Five Questions With: Richard A. Bell

Greenville resident talks about his experience with Blue Cross & Blue Shield of Rhode Island’s Direct Pay program and the impact of insurance plan’s proposed hike would have if granted. More


COURTESY RICHARD BELL
"WHEN YOU'RE working, the company looks out for you. Now, we don’t have anyone to represent us; we’re out there [on our own]," said Richard A. Bell.
Posted 1/23/12

Richard A. Bell, 62, of Greenville, had never testified before at a public hearing, and he admitted to being a little nervous. He had driven down to Warwick on Jan. 17 to voice his concerns about the proposed rate hikes requested by Blue Cross & Blue Shield of Rhode Island for its Direct Pay health insurance plan.

In his fleece pullover, jeans and sneakers, Bell was easy to distinguish from the lawyers and professionals who had gathered in the hearing room at the R.I. Public Utilities Commission, representing Blue Cross and interveners from the R.I. attorney general’s office and the R.I. Department of Business Regulation.

Providence Business News talked with Bell as he waited to give his testimony.

PBN: How did you end up as a member of the Direct Pay health insurance plan?

BELL: I was laid off from my job in December of 2009 as a manager at Mandeville Sign in Lincoln. Before that, I worked as production manager for 30 years at B.A. Ballou, a jewelry manufacturer in East Providence. I’m still looking, hoping to get a position somewhere.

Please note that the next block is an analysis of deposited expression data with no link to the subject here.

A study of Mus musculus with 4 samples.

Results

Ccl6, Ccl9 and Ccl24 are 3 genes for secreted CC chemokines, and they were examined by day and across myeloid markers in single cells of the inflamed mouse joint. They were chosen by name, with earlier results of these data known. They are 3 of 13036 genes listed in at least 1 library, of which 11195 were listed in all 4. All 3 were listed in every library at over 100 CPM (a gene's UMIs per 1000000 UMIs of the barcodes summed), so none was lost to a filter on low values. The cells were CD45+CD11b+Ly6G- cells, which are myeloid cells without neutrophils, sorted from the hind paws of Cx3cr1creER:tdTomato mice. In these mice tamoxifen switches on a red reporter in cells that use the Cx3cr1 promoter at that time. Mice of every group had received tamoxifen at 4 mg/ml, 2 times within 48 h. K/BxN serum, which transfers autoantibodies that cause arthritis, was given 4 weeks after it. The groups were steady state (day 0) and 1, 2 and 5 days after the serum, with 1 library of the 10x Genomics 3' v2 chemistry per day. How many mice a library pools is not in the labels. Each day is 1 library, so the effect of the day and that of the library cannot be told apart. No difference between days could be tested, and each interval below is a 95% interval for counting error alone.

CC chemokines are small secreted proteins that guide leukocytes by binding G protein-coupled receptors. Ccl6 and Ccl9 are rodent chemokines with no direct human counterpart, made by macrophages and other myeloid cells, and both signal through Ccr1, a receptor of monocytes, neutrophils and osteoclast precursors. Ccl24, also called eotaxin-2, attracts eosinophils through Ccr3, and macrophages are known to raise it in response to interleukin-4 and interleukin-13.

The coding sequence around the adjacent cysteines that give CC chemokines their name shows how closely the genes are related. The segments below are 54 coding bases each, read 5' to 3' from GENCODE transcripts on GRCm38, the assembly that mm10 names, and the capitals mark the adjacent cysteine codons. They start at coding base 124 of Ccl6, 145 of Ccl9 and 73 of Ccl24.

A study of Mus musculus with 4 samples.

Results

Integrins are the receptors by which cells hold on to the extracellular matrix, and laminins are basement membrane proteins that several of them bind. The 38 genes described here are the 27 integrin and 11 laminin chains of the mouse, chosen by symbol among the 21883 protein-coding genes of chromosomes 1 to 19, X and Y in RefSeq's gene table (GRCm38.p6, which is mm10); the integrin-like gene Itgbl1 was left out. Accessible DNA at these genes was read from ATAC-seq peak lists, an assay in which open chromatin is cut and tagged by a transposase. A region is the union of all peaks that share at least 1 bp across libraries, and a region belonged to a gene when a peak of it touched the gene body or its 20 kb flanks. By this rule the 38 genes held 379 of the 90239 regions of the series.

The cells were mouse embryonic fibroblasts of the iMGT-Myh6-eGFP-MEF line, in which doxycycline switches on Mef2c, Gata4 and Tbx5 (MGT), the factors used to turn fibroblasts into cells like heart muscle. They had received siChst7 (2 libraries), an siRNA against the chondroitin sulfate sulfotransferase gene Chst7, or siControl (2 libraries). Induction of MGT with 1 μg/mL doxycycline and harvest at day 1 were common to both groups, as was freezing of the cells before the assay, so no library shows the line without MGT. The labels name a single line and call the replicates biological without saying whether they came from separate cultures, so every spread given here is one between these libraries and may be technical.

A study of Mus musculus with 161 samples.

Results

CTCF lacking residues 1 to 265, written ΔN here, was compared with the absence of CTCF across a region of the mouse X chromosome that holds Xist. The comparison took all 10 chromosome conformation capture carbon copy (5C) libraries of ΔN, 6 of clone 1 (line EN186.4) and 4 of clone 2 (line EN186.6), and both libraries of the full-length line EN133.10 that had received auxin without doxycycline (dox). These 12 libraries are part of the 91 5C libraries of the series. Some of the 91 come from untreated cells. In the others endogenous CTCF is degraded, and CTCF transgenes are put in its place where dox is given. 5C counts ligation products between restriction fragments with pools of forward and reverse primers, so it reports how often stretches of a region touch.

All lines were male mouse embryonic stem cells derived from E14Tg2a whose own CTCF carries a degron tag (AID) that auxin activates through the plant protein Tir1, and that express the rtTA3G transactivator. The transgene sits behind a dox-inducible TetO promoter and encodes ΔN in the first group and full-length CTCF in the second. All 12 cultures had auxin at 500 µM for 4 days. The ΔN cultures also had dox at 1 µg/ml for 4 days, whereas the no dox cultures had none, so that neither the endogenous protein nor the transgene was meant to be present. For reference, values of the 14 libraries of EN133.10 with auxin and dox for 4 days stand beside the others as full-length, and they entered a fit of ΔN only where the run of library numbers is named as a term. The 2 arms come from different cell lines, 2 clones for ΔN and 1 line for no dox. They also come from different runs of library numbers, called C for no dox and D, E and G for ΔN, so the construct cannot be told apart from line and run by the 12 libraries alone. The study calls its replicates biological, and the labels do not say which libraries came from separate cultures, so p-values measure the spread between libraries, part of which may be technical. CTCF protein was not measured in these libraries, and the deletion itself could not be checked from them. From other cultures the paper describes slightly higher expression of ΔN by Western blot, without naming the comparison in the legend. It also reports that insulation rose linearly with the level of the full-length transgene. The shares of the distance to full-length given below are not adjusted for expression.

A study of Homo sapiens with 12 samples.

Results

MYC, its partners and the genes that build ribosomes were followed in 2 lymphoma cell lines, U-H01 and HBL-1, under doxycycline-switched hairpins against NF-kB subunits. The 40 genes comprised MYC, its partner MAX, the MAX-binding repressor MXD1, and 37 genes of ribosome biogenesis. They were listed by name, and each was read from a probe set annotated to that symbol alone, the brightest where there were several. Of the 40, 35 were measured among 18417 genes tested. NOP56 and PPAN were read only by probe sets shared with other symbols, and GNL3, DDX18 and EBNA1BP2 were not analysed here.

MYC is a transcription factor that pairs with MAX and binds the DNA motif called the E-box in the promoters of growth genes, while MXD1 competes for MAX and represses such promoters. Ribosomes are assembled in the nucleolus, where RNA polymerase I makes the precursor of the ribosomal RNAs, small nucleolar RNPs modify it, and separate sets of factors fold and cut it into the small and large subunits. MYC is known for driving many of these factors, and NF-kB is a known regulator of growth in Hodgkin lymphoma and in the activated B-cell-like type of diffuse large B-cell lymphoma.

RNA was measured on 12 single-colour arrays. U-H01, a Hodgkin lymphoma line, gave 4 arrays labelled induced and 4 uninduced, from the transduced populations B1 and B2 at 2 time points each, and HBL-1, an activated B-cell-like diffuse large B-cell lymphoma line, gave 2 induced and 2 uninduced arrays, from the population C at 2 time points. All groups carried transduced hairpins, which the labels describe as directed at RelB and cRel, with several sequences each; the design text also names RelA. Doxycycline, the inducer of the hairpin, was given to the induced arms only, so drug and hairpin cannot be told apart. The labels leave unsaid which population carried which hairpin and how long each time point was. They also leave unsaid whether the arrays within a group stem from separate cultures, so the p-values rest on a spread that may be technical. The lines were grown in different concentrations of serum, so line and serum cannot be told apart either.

My health insurance under COBRA ran out in mid-2011. Since then, my wife and I have been buying health insurance under the Direct Pay plan. It’s our only option.

PBN: Why did you decide to testify against the proposed rate hikes?

BELL: In the news, the public has heard that Blue Cross is proposing an average 4.4 percent increase. What they haven’t heard is that some groups could experience an increase in premium payments as high as 17 percent. In my group, the proposed increase in the premium is 10.3 percent. How would you like to deal with that while you are out of work?

When you’re working, the company looks out for you. Now, we don’t have anyone to represent us; we’re out there [on our own]. There’s no employer to fight for us, to ensure that Blue Cross, with its monopoly, will treat us fairly.

PBN: How much will your health insurance cost if the proposed rate hike is approved?

BELL: The 10.3 percent increase amounts to $1,552 in additional costs a year, bringing the total to $16,669 [under the family plan], for me and my wife. But it’s not just the proposed increases in our premiums, it’s the ways that they want to cut our coverage, too.

PBN: What are those cuts in coverage? Can you be specific?

BELL: Under Vantage Blue Direct Plan 1500/2000, which replaces the Healthmate Coast-to-Coast Direct Plan 1000/2000 we had, there’s a 50 percent increase in our deductible to $3,000, and a 40 percent increase in the maximum out-of-pocket expenses to $9,000. Blue Cross says that it will also no longer pay for three services that were previously covered – diagnostic radiology and diagnostic laboratory services, and surgery in a physician’s office – until the higher deductible is meant. And then, they will only pay 80 percent of the cost. And, Blue Cross plans to increase my Tier I pharmacy co-payments by 43 percent.

PBN: Are you required to take specific medications?

BELL: I have to take drugs for high blood pressure and for cholesterol, and thyroid medicine. I had my thyroid removed in 2010 when they found and removed a mass in my throat. My wife takes stomach medicine for acid reflux.